Smithsonian Channel revisits ‘Son of Sam’ case
Notorious killer was captured 40 years ago
To anyone who was living in New York City in 1977, the words “Son of Sam” have a chilling connotation even to this day.
Serial killer David Berkowitz went on a slaying spree that started in 1976 and went on for more than a year. Berkowitz, who called himself “Son of Sam,” terrorized the city during the height of the Disco Era by killing six people and critically wounding seven others until he was captured in the summer of 1977. Many of his victims were young adults enjoying a night of dancing at discos.
His final murder took place when he fatally shot Brooklyn resident Stacey Moskowitz on Shore Parkway in Bath Beach. Moskowitz’s date, Robert Violante, was shot in the eye and seriously injured but he survived.
Forty years after Berkowitz’s arrest, the Smithsonian Channel is presenting the “Son of Sam” saga as the latest episode in its immersive and critically acclaimed series “The Lost Tapes.”
“The Lost Tapes” features no narration or recreations. The history of that time in New York City is captured by media reports and home videos, including rarely-seen interviews with people who knew Berkowitz.
“The Lost Tapes: Son of Sam” will premiere on Smithsonian Channel on Sunday, July 30, at 9 p.m.
Berkowitz had already struck five times before the police were able to confirm that the bizarre shootings were all committed by the same individual. The documentary features rare press conference footage of Michael J. Dodd, the police commissioner at the time, announcing that the murders were all connected and were carried out using a .44 caliber Charter Arms Bulldog pistol.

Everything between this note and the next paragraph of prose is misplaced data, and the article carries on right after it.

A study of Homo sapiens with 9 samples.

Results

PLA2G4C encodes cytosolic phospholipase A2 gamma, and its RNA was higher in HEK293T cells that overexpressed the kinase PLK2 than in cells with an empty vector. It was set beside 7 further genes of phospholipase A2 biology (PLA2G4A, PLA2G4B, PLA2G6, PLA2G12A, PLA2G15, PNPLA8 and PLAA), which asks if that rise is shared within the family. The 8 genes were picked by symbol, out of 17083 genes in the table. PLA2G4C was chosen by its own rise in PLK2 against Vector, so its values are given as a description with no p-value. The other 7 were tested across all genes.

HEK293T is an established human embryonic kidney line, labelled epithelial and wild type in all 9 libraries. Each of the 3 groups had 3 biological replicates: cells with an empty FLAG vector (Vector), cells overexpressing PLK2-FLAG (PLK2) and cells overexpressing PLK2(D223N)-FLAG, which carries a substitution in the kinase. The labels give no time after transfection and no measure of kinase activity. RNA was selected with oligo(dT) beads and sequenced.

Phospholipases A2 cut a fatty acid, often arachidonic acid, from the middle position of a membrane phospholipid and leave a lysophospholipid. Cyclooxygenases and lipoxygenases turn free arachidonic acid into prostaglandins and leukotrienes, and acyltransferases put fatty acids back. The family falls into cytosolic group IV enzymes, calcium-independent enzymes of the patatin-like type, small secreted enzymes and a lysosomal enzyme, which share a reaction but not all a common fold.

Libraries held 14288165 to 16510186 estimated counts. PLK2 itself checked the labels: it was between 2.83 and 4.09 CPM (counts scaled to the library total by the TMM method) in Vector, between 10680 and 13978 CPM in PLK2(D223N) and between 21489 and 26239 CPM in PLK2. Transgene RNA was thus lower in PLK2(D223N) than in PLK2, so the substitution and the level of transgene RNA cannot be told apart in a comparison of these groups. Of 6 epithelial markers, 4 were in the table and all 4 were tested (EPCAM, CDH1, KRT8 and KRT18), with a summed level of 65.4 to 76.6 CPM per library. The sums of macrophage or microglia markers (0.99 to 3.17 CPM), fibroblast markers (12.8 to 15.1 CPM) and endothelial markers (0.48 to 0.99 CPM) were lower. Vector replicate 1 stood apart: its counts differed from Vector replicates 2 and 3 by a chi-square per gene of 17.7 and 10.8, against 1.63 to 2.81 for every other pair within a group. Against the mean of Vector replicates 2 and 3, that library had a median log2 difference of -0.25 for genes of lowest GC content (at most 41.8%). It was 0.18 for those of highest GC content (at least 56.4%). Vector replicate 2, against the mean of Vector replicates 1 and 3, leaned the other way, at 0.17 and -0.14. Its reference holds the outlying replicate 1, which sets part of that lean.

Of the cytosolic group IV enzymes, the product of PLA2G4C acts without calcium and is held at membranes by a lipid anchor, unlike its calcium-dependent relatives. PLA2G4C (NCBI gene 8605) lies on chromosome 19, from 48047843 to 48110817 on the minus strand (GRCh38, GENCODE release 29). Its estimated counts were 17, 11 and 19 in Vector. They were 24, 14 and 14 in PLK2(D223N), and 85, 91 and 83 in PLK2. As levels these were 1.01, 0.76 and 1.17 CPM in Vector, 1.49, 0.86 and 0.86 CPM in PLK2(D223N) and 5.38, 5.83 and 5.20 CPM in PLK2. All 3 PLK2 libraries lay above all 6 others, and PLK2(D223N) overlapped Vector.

It wasn’t until Berkowitz struck for the sixth time that he left a note promising to continue killing as the “Son of Sam.” He began sending bizarre letters to newspapers describing the details and motives behind his attacks.
NYPD formed a 200-person task force, Operation Omega, to track down the killer and bring him to justice. It wasn’t until a Bensonhurst resident tipped the police off to a suspicious man on her street the night of his latest attack that any progress in the case was made.
After checking every parking ticket issued that night in the area, police got a hit on a 1970 yellow Ford Galaxie, which belonged to David Berkowitz, a resident of Yonkers.
The notorious “‘Son of Sam” had finally been captured.
Berkowitz pleaded guilty and was sentenced to 25-years-to-life for each of the six murders and he remains in prison to this day.
“The Lost Tapes” series is produced by Tom Jennings of 1895 Films, the same team behind the Peabody Award-winning “MLK: The Assassination Tapes.” The executive producers for Smithsonian Channel are David Royle, Charles Poe and John Cavanagh.
For more information, visit smithsonianchannel.com.